Sapto Djojokartiko Marches Ahead

by Allysha Nila
29th March 2019
With a strong Fall/Winter 2019 collection, Sapto Djojokartiko marches ahead of the high fashion pack.

First of all, who knew that the popular rooftop bar, Lucy in the Sky, could create such an exhilarating experience at ten in the morning? After staging his 10th anniversary show at the Aquatic Stadium last year, we can and should expect more unexpected fashion show venues from the Solonese designer. Since the glasshouse was completely stripped for the show, natural light flooded in, making it all the more spacious and bright. The music was ambient and the vibe was calm. It’s what we all needed: a fresh start of the day.

Sapto Djojokartiko’s vision of women was clear—the woman of now. And thank god he’s done away with the “millennial” stuff from last season. No more logomania webbing and all that jazz (although his previous versions were subtle, in complete Djokokartiko-ness). Look after look, the designer sent out clothes that were soft, light, strong, ageless and regal. It was a couture collection, after all (according to the show note). Silhouettes were both voluminous and sleek, with vibrant colours. It’s a brave move from him, as he tends to work on a completely monochromatic palette.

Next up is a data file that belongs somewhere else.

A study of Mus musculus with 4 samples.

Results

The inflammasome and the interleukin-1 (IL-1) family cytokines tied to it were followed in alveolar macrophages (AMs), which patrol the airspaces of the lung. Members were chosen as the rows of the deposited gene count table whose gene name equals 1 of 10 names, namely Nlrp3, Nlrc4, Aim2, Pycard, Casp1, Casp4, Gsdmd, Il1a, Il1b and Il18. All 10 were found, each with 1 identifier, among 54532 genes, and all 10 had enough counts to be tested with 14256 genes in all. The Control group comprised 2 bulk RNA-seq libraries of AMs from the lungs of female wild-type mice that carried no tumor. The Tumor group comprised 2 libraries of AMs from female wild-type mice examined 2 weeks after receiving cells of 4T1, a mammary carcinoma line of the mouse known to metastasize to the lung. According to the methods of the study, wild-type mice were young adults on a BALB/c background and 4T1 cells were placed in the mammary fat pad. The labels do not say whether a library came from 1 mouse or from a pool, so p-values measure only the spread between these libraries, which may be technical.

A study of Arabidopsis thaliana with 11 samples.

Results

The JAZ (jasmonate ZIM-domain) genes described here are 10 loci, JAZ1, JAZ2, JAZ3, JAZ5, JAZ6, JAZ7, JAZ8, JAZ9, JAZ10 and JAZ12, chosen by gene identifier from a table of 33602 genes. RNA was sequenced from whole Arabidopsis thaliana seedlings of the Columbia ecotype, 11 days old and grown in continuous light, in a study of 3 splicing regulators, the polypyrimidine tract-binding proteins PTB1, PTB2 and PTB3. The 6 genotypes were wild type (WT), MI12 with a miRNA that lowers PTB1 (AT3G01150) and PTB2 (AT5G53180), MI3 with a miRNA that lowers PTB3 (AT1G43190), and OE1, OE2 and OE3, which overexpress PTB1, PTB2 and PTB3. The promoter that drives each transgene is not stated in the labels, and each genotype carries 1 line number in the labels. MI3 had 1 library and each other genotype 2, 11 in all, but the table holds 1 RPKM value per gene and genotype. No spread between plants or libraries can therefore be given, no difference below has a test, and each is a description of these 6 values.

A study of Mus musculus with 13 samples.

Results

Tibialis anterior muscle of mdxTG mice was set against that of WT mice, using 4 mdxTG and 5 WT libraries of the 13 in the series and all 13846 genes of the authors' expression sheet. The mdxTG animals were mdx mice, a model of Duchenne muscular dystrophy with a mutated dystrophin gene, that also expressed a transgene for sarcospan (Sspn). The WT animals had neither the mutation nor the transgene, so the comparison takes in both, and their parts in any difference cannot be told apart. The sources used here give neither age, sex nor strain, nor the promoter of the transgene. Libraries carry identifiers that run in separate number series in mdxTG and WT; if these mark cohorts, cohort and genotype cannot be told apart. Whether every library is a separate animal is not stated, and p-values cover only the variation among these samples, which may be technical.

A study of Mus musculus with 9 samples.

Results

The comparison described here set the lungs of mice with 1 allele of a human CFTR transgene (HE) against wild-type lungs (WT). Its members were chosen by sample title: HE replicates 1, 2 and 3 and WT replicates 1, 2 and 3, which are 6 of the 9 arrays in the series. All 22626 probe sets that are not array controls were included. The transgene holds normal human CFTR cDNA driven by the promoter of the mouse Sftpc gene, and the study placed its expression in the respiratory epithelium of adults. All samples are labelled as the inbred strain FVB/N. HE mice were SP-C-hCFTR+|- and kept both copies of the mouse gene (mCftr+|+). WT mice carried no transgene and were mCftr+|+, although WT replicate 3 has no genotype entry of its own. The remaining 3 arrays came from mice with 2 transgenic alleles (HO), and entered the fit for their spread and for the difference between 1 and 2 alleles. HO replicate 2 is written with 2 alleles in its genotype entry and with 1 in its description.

Sapto actually looked pretty far into the past for this collection: all the way to the 8th century of Java, when the Syailendra dynasty first emerged from the peninsula. The bloodline produced the Srivijayan Empire, which was the designer’s main source of inspiration. It’s a great reminder of how much cultural and historical wealth Indonesia possesses, especially in today’s muddied political climate and weakened economy.

Such a behemoth of an inspiration appears on the clothes with a contemporary touch. Perfect geometry met traditional techniques. Ancient architecture weaved perfectly into the feminine designs—temples were the main motif. Gold and copper threads were used. Embroidery remained as Sapto’s playing field. Pastels were clashed with dark olives and blues, which were signatures of the Srivijayan empire. There were ornaments, pleating, texture, colour, drama and modesty. The opening look was a floor-sweeping bright red-tiered dress, with pleats on the high collar and long sleeves. It was perfect for a hijaber.

This collection definitely surpassed his Spring 2019, despite being much smaller in scale compared to last season’s. It ultimately comes down to the fact that his clothes looked far more flattering and invigorating today than last year. Workmanship definitely improved. The colours were arresting. The structure looked more engineered.

Although at times it was reminiscent of Valentino, the Italian couture fashion house peaking in popularity, Sapto has injected a lot of his own vernacular to it. Sapto definitely proposed a new form of opulence. You wish you owned everything.